As more and more tech companies start working on VR headsets and wearable technology, the need for alternative methods of control becomes more and more obvious.
While facial gestures and eye movements can be considered valid alternates to touch based controls and physical keyboards, there still is quite some time before they can get advanced enough to become mainstream.
However, Microsoft is taking a different approach to this issues through certain projects aimed at the development of hand tracking, haptic feedback and gesture input.
These projects will work towards building an ecosystem of gestures control, which when combined with voice commands and traditional physical input methods will allow users to control all sorts of devices.
The initial phase of this system consists of tracking all the possible configurations that a user might create with his/her hands.
This is being done via Handpose, a research project which is using the Kinect sensor to track all types of user hand movements in real-time and converting them into virtual movements.
These digital representations of the human hand movements will then be used to control various virtual buttons and dials which correspond directly with different systems of electronic devices.
To make sure that the user receives constant feedback of these systems through the sense of touch, the researchers are also developing various physical buttons which would serve as placebos for the virtual controls.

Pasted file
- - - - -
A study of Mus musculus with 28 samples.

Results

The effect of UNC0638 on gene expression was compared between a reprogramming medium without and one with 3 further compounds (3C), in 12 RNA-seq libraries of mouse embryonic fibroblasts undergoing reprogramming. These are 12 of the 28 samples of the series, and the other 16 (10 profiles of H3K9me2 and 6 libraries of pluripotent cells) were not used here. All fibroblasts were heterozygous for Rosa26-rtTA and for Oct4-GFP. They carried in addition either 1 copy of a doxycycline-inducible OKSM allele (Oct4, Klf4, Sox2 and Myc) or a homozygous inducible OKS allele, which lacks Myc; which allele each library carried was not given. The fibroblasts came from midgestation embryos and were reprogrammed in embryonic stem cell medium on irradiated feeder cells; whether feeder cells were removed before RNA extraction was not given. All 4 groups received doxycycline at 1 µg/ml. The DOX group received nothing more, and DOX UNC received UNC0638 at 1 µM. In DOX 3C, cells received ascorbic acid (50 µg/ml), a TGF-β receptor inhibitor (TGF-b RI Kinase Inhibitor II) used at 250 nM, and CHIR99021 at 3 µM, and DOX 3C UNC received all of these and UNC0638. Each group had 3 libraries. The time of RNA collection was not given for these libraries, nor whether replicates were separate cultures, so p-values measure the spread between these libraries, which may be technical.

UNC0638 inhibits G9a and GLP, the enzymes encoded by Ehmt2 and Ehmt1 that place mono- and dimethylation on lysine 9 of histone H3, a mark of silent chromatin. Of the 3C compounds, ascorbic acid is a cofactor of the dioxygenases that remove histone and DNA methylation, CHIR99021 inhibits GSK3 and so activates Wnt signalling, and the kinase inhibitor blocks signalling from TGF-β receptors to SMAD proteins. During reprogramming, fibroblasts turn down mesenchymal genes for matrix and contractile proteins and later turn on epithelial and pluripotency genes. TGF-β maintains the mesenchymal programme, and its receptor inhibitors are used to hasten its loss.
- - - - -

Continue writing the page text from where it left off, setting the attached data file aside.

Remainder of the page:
This would allow the developers to use a re-targeting system to integrate multiple, context-sensitive commands to be laid over the top of these physical buttons in the virtual world.
On the user end, this would mean that a limited set of virtual objects on a small real-world panel would be enough to control a complex array of virtual knobs and sliders.
While the integration of these physical buttons doesn’t really affect the operation of the system in any way, it still is important to expedite the learning curve by making the virtual interfaces feel more real.
The third part would be actually integrating these gestures with existing apps and programs. The research on this part of the system is being done under the name, Project Prague.
The researchers working on this project are using a machine learning algorithm to teach the system to recognize different gestures, which when combined with compatible apps would execute specific actions.
Examples of such actions would be, turn of a key could lock a computer, or pretending to hang up a phone might end a Skype call.
As you can understand, by combining all these aspects of the system together, Microsoft would be able to create a whole new ecosystem of machine interactions, which would truly bring technology into the three dimensional world.